Added by: Katey
I love how he's speaking like a child telling a secret...such an innocent voice. He tops this so nicely at the end with "do you?" Perfect. This is one of the greatest poems ever. It makes me shiver and only the greatest poems can do that.
Added by: Adamski Bandini
this poem didn't make me weep. To me it's an honest justification for an artificial 'thick skin', a defense against being hurt. We all have tenderness inside but some people are more scared of being hurt than others and so go to greater lengths to keep sensitivity locked away. It's like a fear of exposing your willy in the street for fear of having it severed by a pigeon (HAHAHA!) Some people wear thicker trousers than others... like Barry Manilow, he was ashamed of NOTHING. i'm missing the point.. what was the poem about again?
Added by: El Barto Smogg
I presume the poem is actually partly about machismo. About how men use machismo to hide their sensitivity, their fears, their worries and all their other blue and black birds.
Furthermore I don't really understand why a lot of the above commentators weeped over this poem. Being able to make readers weep is not my definition of good poetry. Besides, the third stanza is pretty funny, especially when he cynically mentions that letting loose his bluebird might fuck up his sales figures in Europe.
Macho muncho
Added by: Harry Shall
Sensitivity .. I think Buks pointing out that beautifull thoughts and feelings are layers better left tucked in.... Macho is a little overgeneralised here.
Added by: will
Reading bukowski makes me feel good to be alone.
Added by: Adamski
I couldn't agree more. Comments like that make you feel good to be alone, too :)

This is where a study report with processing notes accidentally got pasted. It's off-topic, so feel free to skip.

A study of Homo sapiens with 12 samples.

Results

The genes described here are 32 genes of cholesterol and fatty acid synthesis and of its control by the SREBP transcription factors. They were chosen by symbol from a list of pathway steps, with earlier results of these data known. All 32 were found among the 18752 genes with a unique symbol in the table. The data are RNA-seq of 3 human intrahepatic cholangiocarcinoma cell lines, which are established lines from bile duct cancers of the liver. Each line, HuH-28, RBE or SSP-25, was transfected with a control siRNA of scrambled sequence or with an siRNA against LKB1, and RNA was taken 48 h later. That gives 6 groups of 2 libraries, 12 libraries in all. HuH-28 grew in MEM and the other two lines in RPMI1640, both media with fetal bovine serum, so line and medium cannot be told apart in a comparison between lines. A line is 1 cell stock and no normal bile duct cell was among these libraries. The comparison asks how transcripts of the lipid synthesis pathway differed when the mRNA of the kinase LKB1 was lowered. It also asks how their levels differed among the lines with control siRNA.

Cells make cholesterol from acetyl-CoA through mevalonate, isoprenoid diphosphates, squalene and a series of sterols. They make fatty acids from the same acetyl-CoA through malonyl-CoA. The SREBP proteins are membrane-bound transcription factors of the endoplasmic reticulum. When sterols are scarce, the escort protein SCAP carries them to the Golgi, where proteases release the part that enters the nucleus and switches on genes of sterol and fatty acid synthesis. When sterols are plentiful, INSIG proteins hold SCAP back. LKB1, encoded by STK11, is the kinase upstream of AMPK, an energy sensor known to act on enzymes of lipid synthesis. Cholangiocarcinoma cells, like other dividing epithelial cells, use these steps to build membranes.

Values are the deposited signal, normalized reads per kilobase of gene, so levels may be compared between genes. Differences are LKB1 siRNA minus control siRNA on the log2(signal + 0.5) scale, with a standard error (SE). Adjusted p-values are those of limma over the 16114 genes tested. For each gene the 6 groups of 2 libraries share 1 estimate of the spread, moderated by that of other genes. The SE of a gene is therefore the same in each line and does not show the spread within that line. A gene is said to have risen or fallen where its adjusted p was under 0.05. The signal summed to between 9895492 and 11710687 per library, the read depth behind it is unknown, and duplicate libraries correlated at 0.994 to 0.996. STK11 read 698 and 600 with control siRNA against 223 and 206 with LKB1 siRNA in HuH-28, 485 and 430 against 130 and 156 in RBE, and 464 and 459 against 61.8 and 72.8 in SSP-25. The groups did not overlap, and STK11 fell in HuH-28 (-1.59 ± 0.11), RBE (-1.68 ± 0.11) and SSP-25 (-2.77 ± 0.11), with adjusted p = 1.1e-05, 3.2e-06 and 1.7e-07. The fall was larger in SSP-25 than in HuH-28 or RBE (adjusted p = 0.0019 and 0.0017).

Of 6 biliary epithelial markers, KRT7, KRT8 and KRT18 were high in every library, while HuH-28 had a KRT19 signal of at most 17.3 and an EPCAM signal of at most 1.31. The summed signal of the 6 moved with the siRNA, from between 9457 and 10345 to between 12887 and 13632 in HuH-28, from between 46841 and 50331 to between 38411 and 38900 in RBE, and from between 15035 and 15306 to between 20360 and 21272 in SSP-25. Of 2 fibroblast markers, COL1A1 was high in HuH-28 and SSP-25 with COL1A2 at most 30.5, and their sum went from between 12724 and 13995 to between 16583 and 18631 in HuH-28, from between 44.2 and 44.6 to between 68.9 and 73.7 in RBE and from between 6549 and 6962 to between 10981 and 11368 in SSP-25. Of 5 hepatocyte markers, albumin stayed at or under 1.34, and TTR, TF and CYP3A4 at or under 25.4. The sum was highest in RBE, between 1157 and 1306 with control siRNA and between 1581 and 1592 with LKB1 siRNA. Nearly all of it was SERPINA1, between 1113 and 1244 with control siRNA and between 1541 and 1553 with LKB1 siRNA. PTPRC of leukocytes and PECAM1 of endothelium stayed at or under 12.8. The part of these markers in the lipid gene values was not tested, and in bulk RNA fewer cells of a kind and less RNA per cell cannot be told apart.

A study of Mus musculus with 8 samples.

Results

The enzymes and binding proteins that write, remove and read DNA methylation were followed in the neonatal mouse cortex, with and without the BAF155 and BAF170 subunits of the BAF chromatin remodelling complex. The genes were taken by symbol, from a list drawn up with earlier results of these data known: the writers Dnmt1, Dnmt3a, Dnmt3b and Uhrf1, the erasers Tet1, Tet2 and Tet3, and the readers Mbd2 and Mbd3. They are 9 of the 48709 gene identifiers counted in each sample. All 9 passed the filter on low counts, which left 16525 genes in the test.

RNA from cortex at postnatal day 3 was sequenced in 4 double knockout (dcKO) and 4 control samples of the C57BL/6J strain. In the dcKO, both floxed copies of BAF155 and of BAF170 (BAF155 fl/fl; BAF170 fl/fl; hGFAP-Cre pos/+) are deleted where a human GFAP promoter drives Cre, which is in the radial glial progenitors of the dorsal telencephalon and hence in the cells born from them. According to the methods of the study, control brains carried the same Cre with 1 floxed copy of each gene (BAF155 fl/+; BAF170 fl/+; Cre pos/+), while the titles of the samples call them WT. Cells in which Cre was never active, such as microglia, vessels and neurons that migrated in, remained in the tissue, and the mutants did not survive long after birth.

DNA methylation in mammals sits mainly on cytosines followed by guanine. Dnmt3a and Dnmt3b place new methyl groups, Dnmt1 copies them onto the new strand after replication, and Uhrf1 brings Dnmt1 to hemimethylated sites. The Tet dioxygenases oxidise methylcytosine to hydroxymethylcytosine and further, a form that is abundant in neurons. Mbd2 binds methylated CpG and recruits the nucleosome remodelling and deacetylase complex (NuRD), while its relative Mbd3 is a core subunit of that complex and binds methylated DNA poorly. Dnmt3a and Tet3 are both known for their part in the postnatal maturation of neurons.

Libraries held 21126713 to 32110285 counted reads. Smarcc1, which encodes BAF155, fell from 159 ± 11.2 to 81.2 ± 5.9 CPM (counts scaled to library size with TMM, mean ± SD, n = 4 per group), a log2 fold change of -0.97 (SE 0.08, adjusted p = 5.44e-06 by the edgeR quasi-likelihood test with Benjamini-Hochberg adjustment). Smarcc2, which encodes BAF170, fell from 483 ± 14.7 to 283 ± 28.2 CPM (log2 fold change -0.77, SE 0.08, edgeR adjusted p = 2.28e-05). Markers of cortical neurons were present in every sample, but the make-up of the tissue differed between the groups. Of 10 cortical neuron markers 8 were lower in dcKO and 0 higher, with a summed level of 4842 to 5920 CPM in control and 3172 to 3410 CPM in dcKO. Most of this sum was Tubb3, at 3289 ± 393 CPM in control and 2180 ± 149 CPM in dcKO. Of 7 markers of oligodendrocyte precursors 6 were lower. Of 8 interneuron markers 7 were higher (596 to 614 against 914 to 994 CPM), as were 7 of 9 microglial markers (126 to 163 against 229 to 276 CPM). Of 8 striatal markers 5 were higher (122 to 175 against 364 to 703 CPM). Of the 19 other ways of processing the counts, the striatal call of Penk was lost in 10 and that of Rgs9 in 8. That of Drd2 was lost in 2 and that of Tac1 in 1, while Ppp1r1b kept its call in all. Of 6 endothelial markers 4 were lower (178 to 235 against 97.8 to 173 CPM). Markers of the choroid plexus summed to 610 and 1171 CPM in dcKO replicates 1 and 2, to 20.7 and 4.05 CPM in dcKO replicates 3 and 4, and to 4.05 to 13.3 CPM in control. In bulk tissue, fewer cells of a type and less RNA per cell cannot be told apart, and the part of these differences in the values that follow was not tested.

Added by: CTF
This poem may make others react, but it does nothing for me. I guess it's the first-person trying to include me when I've never felt anything remotely like Bukowski's depiction. None of my fears, flaws, worries, imperfections, or what-have-you are hidden; I don't even bother to mask them. So I guess I might enjoy this poem much more if it weren't trying to encompass me with the first-person perspective.
Added by: Bryce
I think discounting this piece as un-macho is wrong, it may not entirely be about his own machismo, but there is an element there. And whether he admitted it or not there is definately a masculine/macho aspect to Buk's work and life.
Added by: christopher
Bravo to Brice. I agree completely. People, even myself, are quickly critical about what seem lay interpretations of artistic work when infact, the interpretations are fresh. Of course macho, masculine bullshit stems this poem, along with a deep instinct we all share:fear. If "machoism" were irrelevant, this poem's impact would lack the rough surface it clings to.
its about part of him that remained whole
Added by: Mike
What I see in this poem and a lot of Hanks writing is the fact that he had the shit kicked out of him by life and was able to maintain some sense of joy and humanity despite all the suffering.

Severe child abuse screws people up and causes a lot of suffering throughout life. Basically it says to me that his father did not succeed in destroying him with the weekly beatings for not mowing the grass right. etc.